UK DECC publishes draft of Contract for Difference

By Erin Voegele | August 15, 2013

The U.K. Department of Energy and Climate Change recently published a detailed draft of a long-term Contract for Difference, which is a new support mechanism that is being introduced to help incentivize up to £110 billion ($170.83 billion) in private sector investment to update the U.K.’s energy infrastructure by 2020.

According to the DECC, Contracts for Difference will give investors in low-carbon generation the confidence they need to pay the up-front costs of major new energy infrastructure projects.

“Contracts for Difference are the most efficient way to provide long-term support for all forms of low carbon generation – including nuclear, renewables and Carbon Capture & Storage,” said Business and Energy Minister Michael Fallon. “They give greater certainty and stability of revenues by removing exposure to volatile wholesale prices, and protect consumers from paying for support when electricity prices are high. They therefore make the development of low carbon generation cheaper for both investors and consumers.”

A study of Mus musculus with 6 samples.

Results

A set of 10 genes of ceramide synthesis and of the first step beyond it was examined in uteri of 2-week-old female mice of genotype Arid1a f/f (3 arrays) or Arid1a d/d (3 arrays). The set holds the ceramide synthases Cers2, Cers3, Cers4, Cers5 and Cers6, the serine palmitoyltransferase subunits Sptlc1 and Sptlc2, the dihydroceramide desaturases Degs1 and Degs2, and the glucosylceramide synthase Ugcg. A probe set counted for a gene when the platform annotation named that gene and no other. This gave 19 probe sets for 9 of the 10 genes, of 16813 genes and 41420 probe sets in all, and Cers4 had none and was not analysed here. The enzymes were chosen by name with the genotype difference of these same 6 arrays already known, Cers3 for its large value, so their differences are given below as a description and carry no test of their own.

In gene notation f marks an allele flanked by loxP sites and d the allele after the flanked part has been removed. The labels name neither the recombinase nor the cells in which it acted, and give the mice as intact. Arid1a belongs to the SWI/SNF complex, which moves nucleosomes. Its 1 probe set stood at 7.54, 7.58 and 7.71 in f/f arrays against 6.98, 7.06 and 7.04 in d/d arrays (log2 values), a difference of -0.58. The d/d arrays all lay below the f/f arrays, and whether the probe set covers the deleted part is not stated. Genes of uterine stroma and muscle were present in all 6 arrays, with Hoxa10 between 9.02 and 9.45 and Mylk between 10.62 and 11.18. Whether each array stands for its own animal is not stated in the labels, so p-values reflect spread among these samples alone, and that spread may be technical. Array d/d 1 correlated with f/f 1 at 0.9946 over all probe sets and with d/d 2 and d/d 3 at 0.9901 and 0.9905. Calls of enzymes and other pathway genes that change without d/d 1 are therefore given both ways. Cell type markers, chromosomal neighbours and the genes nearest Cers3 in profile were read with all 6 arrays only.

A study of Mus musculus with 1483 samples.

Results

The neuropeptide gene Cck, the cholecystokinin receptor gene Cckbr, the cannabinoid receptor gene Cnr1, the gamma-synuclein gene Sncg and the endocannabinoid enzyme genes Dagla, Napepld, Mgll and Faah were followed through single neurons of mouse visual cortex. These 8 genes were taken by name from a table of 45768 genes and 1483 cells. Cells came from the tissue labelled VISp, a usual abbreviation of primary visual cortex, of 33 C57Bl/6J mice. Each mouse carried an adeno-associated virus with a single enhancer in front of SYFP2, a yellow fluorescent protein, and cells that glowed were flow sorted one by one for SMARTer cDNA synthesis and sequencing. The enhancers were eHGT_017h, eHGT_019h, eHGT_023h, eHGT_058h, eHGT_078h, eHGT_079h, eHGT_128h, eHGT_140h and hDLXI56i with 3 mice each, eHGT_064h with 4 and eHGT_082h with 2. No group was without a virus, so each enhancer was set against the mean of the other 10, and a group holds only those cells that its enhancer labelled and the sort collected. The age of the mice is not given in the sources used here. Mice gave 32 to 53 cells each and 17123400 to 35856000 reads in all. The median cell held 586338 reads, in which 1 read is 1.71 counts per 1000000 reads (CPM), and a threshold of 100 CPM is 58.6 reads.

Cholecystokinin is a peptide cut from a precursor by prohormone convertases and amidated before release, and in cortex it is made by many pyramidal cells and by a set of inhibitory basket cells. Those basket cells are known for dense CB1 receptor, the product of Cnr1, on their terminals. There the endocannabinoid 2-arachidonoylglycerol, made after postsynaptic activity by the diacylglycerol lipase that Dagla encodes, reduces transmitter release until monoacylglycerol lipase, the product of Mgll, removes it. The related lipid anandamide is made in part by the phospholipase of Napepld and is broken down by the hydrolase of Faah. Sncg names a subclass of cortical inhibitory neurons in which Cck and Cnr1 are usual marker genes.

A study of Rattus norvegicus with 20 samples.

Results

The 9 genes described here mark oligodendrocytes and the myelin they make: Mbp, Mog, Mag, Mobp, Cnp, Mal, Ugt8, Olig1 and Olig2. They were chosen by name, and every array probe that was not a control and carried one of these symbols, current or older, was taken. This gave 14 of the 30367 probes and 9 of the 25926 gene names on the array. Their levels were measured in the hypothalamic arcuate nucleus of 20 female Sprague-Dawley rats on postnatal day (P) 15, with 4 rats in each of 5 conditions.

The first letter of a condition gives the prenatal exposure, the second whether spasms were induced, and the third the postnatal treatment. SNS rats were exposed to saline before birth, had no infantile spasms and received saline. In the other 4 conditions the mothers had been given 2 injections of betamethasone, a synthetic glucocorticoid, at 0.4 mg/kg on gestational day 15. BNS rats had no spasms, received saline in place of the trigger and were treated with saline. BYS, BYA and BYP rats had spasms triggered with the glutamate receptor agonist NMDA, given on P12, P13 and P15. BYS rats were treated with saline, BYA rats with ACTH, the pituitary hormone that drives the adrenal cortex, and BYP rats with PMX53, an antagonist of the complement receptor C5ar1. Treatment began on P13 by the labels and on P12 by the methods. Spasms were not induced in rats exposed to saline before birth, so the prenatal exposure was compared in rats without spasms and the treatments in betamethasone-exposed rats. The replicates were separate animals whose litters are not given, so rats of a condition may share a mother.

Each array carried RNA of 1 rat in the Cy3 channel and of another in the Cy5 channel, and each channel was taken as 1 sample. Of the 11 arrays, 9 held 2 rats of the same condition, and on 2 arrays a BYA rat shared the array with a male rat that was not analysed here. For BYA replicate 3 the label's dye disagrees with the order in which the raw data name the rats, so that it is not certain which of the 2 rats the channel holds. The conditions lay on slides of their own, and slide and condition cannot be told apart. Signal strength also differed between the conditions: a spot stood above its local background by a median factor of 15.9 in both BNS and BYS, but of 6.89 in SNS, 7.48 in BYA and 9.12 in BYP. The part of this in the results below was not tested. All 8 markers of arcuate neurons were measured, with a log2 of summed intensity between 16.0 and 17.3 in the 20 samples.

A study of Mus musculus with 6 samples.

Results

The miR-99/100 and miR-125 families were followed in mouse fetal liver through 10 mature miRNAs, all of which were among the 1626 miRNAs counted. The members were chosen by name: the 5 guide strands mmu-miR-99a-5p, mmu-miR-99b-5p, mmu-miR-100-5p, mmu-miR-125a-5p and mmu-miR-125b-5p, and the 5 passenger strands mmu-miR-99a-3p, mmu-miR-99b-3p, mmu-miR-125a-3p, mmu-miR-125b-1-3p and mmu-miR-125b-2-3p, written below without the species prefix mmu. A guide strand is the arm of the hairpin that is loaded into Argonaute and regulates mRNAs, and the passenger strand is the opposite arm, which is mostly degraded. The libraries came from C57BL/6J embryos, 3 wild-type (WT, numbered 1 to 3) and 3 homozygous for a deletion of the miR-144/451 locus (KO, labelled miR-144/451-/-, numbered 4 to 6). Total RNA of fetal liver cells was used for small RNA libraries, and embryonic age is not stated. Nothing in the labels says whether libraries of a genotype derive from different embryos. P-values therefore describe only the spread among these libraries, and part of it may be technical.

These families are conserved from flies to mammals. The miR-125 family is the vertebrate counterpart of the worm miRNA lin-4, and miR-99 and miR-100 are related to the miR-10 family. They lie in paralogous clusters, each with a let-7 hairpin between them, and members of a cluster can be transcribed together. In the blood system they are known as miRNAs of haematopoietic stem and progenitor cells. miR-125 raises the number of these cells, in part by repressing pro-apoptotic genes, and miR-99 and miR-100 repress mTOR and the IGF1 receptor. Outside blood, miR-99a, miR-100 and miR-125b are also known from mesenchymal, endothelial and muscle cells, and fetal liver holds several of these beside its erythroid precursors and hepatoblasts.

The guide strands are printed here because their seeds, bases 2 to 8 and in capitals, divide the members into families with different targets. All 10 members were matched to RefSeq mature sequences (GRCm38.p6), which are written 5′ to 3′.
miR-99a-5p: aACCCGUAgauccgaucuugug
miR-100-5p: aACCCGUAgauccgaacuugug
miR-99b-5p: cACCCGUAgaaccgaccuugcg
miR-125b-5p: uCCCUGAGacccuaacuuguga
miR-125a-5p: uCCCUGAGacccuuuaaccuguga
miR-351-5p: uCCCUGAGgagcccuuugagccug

The draft terms for the contracts were published Aug. 7, along with the methodology through which contracts will be allocated. On July 17, the DECC published its draft Electricity Market Reform Delivery Plan, which provided detail on the long-term Contracts for Difference and draft strike prices for renewables investors. According to the DECC, the strike prices effective remove price volatility risk for electricity generated from low-carbon sources under the Contracts for Difference. Documentation published by the DECC illustrates the strike price for biomass conversion has been proposed at the level of £105 per megawatt hour (MWh) from 2014 through 2019.

The EMR Draft Delivery Plan is open for consultation through Sept. 25. The final version is scheduled to be published in December.